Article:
Friday, 20 March 2015

dissing the eclipse

I felt the eclipse might just be the most over-rated event since the Commonwealth Games opening ceremony. From memory of the last eclipse – in fact any eclipse, ever, it goes a little dark, the sun looks a little like the waning/waxing moon and it is a tiny fraction of the visual spectacle of a good sunset or even a half decent rainbow unless you have a telescope the size of Mons Meg. It is only it's rarity value that marks this event as anything other than humdrum.

Mary heading towards the crowds of eclipsemongers*

From the cover of the Radio Times to encouragements to seek out special equipment to shade our peepers from the harmful rays of the watery winter sun, we were treated like imbeciles by the nanny state, and to be fair, we went out and played our part. I saw some terrifically dim stuff going on, perhaps the most bemusing was someone holding 2 sheets of A4 paper one slightly in front of the other.

Bob and Lesley taking precautions.

I would probably have missed the whole thing had Mary not tempted me by saying she was going up Arthur's Seat to join the crowds of sightseers and end-of-the-world-is-nighers from a strictly unnecessary viewpoint. Being stupidly early in the morning I was not thinking straight and after a tiny and hurried breakfast decided to follow suit – the thought of missing the end-of-the-world too much to bear. It was quite nice to cycle up there and then walk up the hill and look at the gawpers. (The *eclipsemongers as Ben M called them.) Indeed to become one of the idiot masses ruining their eyes staring at the sun.

my impression of an eclipse

While it was just apparent there was an eclipse going on, you would only really know by looking directly at the sun. The amount of ambient light dimmed but a small fraction – think about the difference between the sun just above the horizon and just below, and well, it wasn't even that significant. We've had considerably darker days in the last 2 weeks. While it was all kicking off (and that term implies far more excitement than was actually available,) there was quite a bit of cloud cover which acted as a perfect filter to get some half decent photos without blinding yourself.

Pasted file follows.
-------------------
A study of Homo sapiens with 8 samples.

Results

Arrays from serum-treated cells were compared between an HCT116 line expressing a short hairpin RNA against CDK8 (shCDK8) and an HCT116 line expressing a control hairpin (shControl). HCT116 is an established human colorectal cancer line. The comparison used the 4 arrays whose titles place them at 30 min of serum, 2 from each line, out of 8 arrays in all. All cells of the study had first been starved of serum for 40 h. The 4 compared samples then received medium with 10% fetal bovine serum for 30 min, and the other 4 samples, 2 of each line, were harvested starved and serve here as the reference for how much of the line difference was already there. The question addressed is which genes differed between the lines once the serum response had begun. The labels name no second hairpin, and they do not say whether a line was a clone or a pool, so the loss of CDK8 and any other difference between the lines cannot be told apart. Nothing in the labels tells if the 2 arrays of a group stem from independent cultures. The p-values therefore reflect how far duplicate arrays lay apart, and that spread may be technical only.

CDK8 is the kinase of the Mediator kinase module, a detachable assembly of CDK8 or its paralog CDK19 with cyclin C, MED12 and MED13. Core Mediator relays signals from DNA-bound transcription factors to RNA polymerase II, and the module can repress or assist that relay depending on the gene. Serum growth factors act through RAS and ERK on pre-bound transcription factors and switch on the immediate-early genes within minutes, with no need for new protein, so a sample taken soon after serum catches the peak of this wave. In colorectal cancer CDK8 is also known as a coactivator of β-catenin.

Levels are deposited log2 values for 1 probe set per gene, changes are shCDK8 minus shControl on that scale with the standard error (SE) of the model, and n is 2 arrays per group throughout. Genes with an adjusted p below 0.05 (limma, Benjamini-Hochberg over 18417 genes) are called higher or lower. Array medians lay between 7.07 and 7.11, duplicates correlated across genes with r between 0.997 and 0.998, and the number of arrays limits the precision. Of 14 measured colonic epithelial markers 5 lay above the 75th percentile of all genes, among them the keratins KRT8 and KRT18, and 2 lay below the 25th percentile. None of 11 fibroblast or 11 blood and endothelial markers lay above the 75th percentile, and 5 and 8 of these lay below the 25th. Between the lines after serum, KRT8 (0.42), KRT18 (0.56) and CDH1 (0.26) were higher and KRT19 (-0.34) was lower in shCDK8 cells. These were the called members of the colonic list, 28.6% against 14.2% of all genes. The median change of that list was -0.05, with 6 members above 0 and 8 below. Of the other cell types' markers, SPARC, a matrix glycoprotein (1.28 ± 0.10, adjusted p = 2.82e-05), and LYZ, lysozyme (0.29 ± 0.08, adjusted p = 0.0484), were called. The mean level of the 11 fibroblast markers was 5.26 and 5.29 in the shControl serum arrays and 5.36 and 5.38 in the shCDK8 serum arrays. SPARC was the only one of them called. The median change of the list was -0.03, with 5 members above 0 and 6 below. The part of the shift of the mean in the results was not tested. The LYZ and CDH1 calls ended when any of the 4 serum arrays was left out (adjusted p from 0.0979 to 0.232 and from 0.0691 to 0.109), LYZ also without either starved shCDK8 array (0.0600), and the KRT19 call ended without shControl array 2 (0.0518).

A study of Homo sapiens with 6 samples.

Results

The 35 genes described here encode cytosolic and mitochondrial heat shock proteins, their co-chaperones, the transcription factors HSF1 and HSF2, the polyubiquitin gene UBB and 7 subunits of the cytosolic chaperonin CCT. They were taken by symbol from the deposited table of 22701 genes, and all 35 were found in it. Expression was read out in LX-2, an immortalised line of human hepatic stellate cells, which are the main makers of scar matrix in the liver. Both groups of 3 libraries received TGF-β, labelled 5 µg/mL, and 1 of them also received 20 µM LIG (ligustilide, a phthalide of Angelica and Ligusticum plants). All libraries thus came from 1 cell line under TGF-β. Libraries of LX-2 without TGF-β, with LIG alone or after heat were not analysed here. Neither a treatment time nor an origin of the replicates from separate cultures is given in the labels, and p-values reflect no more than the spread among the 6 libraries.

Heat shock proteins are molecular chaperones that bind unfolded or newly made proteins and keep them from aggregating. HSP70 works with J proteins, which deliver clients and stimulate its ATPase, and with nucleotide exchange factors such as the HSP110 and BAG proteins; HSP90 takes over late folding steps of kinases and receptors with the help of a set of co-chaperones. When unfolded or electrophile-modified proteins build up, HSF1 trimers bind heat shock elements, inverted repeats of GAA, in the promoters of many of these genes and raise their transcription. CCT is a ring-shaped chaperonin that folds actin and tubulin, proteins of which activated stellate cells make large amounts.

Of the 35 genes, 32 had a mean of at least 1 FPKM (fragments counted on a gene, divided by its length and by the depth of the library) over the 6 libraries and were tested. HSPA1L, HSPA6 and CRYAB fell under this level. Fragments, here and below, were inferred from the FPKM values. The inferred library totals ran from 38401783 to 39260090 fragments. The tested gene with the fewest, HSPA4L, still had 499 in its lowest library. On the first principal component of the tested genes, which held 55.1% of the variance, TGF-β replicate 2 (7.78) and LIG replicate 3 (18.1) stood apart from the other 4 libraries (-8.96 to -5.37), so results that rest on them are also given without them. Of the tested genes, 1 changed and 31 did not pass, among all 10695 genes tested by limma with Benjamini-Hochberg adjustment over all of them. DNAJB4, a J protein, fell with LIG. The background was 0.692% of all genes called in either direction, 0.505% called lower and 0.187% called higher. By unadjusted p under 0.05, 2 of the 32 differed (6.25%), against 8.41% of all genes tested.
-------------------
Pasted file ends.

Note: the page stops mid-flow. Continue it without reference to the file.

I think the rangers were there to guide blinded sightseers back off the hill.

All in all I'd give the visual spectacle a 4 or maybe 5 out of 10, but the cycle and walk a 7 or 8. It certainly didn't merit either the bottle of champagne I saw being quaffed (some people need no excuse) or a full size digital camera filming, being left on record for the entire event. Now there's a very dull youTube video unless the whole thing is compressed into 15secs. We cycled home and I had a second breakfast of cold pizza, left over from book group the other night (9 out of 10, although I shouldn't really be blowing my own recipe-trumpet.). So in conclusion the eclipse was mildly captivating but not a patch on leftover cold pizza.  

This was by far and away the best photo I saw today - Hilary Ritchie posted this on fb, though she didn't say how she took it (what with both hands holding the colander!) Trust she didn't strain her eyes.